Tuesday, May 28, 2013

Carbon Monoxide Poisoning

Carbon monoxide poisoning is one of the most common causes of deadly poisoning. Carbon monoxide is invisible, odorless, and nonirritating. It can be inhaled directly into the bloodstream where it displaces oxygen from hemoglobin, the protein that transports oxygen through the body. Without oxygen, the brain, heart, and muscles suffocate and cease to function.

Carbon monoxide results from the incomplete burning of carbon-based fuel such as gasoline, wood, or paper. Early symptoms of poisoning include headaches, nausea, and vomiting that get better when you leave the area. Advanced symptoms include loss of concentration, cognition, and memory, soon falling into a coma, and dying. Pets in the house may fall ill and die sooner than adult humans, so if your pet shows any of these symptoms, or you come home to find a pet dead, suspect carbon monoxide.

Any area that contains a car, barbecue, lawn mower, gas stove, hot water heater, furnace, fireplace, or snow blower is capable of containing deadly carbon monoxide fumes not only in the garage, room, or basement where they are located, but in any attached living quarters. You can even inhale too much carbon monoxide outside if you are too near an exhaust.

Never use a gas or charcoal grill in an enclosed space. Regularly service your furnace. Don't idle your car or lawn mower in an attached garage, even with the garage door open.

Have at least one carbon monoxide monitor in your home. If the alarm goes off, throw open all the windows and doors immediately and get everyone out of the house. Then call 911. If you live in an attached apartment or duplex, the fumes may be coming from a common vent. Have the emergency responders check on your neighbors as well.


-- Source material, Consumer Reports,The Best of Health 2011

Monday, May 6, 2013

It's Drinking Water Week!


The American Water Works Association and the City of Richmond Department of Public Utilities kicked off Drinking Water Week 2013 today by asking, "What do you know about H2O?"

Throughout the week, DPU celebrated water by recognizing the essential role drinking water plays in our daily lives.

Richmond customers can find out more about their water resources and the process that delivers water to home and businesses in our community here. Learn about our water quality and ways you can protect local water sources from pollution.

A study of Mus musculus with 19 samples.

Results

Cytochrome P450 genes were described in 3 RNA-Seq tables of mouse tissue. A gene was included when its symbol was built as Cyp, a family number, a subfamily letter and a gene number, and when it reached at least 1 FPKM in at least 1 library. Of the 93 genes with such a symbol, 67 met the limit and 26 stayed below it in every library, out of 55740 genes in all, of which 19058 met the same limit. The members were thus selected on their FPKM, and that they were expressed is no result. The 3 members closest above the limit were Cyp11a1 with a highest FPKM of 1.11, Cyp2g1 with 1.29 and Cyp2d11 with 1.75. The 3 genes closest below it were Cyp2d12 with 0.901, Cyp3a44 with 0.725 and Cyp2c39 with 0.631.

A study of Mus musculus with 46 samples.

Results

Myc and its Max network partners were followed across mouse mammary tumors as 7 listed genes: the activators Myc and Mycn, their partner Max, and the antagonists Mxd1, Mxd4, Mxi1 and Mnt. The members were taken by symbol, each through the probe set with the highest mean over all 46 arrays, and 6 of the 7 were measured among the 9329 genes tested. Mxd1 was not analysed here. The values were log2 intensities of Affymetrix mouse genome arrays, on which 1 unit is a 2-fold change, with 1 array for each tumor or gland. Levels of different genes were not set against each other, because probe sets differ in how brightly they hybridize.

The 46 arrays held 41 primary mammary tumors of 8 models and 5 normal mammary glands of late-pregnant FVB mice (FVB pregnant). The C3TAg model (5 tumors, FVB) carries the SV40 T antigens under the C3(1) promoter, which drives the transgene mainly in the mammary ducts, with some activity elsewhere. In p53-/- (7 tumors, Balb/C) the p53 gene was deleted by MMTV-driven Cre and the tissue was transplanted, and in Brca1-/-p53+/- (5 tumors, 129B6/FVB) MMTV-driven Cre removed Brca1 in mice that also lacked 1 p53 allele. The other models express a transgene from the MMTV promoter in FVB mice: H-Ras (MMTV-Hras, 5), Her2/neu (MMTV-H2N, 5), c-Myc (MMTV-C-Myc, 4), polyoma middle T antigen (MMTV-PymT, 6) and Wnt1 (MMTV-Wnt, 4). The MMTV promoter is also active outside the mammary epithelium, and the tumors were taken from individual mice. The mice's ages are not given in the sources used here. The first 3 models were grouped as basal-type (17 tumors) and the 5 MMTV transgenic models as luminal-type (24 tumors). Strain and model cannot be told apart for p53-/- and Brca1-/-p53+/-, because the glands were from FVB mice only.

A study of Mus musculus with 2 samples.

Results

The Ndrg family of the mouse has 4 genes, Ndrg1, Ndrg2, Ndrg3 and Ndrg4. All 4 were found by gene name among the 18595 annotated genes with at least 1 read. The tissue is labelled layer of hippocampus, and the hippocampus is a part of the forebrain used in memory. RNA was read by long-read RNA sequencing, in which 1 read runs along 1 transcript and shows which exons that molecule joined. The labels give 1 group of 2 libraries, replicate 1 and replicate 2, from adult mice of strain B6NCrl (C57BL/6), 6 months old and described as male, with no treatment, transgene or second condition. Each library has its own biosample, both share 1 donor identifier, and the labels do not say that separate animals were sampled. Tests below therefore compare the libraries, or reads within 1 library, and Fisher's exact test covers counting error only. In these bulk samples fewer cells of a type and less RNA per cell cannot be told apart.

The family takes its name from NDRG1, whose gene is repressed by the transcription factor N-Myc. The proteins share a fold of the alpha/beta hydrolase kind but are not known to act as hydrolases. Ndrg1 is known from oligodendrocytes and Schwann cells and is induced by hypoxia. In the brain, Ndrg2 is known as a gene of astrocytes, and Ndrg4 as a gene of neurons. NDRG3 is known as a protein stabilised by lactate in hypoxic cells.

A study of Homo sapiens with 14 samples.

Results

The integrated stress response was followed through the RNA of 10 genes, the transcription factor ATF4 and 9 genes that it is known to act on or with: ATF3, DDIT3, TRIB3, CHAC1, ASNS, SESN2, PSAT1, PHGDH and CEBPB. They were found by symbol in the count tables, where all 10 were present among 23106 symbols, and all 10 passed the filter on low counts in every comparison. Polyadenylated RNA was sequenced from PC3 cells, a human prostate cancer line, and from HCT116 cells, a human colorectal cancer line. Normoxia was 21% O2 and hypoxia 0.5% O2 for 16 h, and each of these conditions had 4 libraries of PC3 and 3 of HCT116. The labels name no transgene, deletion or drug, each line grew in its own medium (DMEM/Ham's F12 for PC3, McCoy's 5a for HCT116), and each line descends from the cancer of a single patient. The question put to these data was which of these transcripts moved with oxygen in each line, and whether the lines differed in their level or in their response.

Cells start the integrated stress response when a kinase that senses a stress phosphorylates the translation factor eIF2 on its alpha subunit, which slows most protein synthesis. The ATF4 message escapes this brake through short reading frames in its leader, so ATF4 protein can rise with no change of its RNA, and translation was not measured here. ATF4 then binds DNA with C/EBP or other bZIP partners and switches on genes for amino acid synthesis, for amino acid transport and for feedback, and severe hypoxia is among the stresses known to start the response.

After water enters a home, conditions in the home plumbing system can affect the water's quality. Here are some tips for maintaining water quality at home:

Clean faucets and aerators regularly.
Clean and disinfect sinks and drains regularly.
Keep drains clear and unclogged.
Use cold tap water for drinking and preparing food.
Replace old plumbing and installed certified lead free fixtures.
Flush cold water taps after household plumbing work or when the water hasn't been used for several days by letting it run for a few minutes.
Drain and flush your hot water heater annually.
Do not connect hoses or other devices intended for non-drinking purposes to household drinking water faucets. Don't let the kids drink from the hose.
Keep hazardous chemicals and unsanitary materials away from drinking water faucets.

Additional information about maintaining water quality at home is available at DrinkTap.org.

The Department of Public Utilities launched Drinking Water Week with a display and giveaways  outside the Department of Social Services at Marshall Plaza and at Southside Community Center, May 6.



Wednesday, May 1, 2013

Prevent Water Scalding



Having a water heater thermostat set too high not only keeps your gas or electric bill high, it can cause injury. The majority of water scalding accidents happen to the elderly and children under 5. Third degree burns can occur if you are exposed for as little as 6 seconds to 140 degree water. Even milder temperatures can do harm. It takes just 30 seconds to be burned by 130 degree water, and 5 minutes to 120 degree water.

You can be scalded if you fall into the bathtub, don’t test the water before you get in or place a child in, or the temperature changes while you are in the shower because someone else in the house turned on water. Children can burn themselves playing with the faucet.

The American Burn Association recommends 100 degrees as the safest temperature for bathing. Never exceed 120 degrees. Have a plumber check your water heater to ensure it is within the required temperature of 120 degrees. And if you live with small children or the elderly, consider having an anti-scald device installed in faucets and showerheads that will limit water flow to a trickle if it exceeds 120 degrees.

Water Heater Safety Tips


▲Hot water heaters should be properly sized for your house.

▲Extra thick insulation helps prevent radiant heat loss and saves energy and money.

▲ Water temperatures above 120 degrees F can cause scalding, especially on young children and the elderly.

▲ Sediment build-up can cause premature tank failure and excess cost on fuel bills. Flush hot water through drain valve at least once a year to remove sediment build-up.

▲ Hot water heaters require yearly maintenance to ensure proper operation. Test safety valve once a year.

▲ Keep at least 18 inches around the hot water heater clean and free of combustible and flammable material.

▲ When leaving for vacation, set hot water heater temperature to its lowest setting to save money and reduce the risk of problems while you’re away.